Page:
A proposed $87 million upgrade of the 43-year-old power plant at Don Pedro Reservoir will headline Tuesday morning’s Modesto Irrigation District board meeting.
MID and its larger partner, the Turlock Irrigation District, own the power plant and reservoir, which serves as primary storage for mountain snowmelt feeding crops of a combined 8,000 growers who farm 208,000 acres across much of Stanislaus County.
The districts have applied for a new hydropower license from the federal government, a multi-year process costing at least $50 million that could result in more Tuolumne River water benefiting fish at the expense of farmers. A decision is expected in 2019.
A separate engineering assessment suggests that the districts spend up to $87 million improving tunnels, gates and spillways. MID would be responsible for $27 million, or 32 percent, representing its share of the water and power.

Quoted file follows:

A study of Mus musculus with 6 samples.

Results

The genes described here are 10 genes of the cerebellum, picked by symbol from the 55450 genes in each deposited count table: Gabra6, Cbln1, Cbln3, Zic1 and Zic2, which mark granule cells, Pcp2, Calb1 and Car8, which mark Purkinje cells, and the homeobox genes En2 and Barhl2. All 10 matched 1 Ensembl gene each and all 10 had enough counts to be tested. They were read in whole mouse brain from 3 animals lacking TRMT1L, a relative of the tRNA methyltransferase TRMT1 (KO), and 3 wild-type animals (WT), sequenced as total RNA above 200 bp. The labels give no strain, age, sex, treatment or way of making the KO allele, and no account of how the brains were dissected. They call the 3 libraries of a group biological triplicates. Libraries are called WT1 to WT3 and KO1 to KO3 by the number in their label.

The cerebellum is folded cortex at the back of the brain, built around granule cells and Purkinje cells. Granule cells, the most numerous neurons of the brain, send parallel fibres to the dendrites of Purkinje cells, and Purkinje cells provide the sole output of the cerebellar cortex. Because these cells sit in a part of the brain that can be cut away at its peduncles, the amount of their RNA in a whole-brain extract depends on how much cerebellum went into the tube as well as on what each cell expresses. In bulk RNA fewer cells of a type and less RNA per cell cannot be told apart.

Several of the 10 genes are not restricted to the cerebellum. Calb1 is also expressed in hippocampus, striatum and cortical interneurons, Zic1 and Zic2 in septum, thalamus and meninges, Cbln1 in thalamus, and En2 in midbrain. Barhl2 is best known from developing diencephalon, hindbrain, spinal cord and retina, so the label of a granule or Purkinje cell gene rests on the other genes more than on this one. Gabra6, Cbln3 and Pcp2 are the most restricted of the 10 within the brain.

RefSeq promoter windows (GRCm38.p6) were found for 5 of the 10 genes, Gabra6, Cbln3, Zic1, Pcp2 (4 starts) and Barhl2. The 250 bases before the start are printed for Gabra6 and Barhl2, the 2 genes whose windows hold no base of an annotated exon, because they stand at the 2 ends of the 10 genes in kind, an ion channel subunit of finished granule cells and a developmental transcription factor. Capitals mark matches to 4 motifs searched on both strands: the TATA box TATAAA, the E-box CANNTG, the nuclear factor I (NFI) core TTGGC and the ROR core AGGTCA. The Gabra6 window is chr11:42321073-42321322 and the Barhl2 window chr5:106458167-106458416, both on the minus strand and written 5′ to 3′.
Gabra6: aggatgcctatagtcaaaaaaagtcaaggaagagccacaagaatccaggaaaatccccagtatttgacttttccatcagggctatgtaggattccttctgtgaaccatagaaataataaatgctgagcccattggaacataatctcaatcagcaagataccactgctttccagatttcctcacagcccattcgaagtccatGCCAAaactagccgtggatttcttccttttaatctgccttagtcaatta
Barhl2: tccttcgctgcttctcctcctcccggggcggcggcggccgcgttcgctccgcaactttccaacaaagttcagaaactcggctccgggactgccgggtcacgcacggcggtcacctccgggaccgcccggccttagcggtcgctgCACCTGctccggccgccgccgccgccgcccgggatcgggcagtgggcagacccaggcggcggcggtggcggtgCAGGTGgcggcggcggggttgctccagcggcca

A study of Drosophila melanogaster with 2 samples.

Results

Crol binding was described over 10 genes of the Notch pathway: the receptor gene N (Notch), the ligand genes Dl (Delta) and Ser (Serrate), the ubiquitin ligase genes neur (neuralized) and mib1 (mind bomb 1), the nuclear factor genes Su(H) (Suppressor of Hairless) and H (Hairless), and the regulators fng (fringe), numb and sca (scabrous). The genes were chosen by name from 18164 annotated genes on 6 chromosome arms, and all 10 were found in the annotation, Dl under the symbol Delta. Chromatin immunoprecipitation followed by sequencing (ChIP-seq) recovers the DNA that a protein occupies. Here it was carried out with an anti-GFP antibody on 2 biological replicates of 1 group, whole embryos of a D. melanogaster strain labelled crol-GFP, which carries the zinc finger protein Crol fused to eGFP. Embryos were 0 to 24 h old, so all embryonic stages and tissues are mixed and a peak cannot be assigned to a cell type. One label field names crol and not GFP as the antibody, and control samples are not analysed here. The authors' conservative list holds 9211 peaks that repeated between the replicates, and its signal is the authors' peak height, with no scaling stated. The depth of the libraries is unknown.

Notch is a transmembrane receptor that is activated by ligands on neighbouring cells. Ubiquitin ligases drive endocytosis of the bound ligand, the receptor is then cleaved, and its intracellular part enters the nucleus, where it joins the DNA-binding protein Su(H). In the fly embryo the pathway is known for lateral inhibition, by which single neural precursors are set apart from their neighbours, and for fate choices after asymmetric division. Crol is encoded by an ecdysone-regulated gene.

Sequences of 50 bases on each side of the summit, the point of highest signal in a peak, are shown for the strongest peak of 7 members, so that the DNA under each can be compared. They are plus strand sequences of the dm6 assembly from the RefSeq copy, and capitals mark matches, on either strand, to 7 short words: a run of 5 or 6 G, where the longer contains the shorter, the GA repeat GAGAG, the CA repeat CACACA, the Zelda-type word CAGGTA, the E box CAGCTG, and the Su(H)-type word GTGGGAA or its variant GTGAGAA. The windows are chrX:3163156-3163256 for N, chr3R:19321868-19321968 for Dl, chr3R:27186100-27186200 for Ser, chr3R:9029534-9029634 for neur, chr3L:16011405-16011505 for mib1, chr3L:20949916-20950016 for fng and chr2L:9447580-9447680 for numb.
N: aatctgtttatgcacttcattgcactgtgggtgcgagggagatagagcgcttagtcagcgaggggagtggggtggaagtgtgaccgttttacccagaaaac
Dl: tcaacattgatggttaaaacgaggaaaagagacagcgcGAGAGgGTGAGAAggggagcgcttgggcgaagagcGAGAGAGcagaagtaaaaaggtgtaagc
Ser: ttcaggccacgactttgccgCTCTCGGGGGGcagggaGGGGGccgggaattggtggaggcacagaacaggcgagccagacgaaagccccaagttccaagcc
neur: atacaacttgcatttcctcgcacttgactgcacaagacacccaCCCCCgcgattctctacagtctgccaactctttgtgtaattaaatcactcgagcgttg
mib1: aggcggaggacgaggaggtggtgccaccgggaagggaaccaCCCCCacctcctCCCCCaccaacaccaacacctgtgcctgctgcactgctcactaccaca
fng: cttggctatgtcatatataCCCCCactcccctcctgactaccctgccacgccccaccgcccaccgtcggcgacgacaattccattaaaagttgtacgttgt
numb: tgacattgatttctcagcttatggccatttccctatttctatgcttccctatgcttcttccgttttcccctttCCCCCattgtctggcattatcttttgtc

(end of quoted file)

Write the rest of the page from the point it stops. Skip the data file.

The districts would issue bonds to cover the cost, repaying investors over 30 years with a portion of customers’ electricity bills.
MID gets about 10 percent of the power it sells to 113,000 customers from Don Pedro, and TID, about twice that. They burn natural gas and rely on wind and solar power for the rest.
The upgrade could extend the power plant’s life by three to five decades.
The sister districts were formed in 1887 to secure river rights. They built the first Don Pedro Reservoir in 1923 with help from San Francisco, which has some storage interest. A new dam capable of holding 2 million acre-feet of water followed in 1971, although it’s less than half full because of a three-year drought.
The MID board also is expected to discuss solar rebates to be offered in 2015.
Tuesday’s meeting starts at 9 a.m. in the board chamber at 1231 11th St., Modesto. For more information, see www.mid.org/about/board/agenda.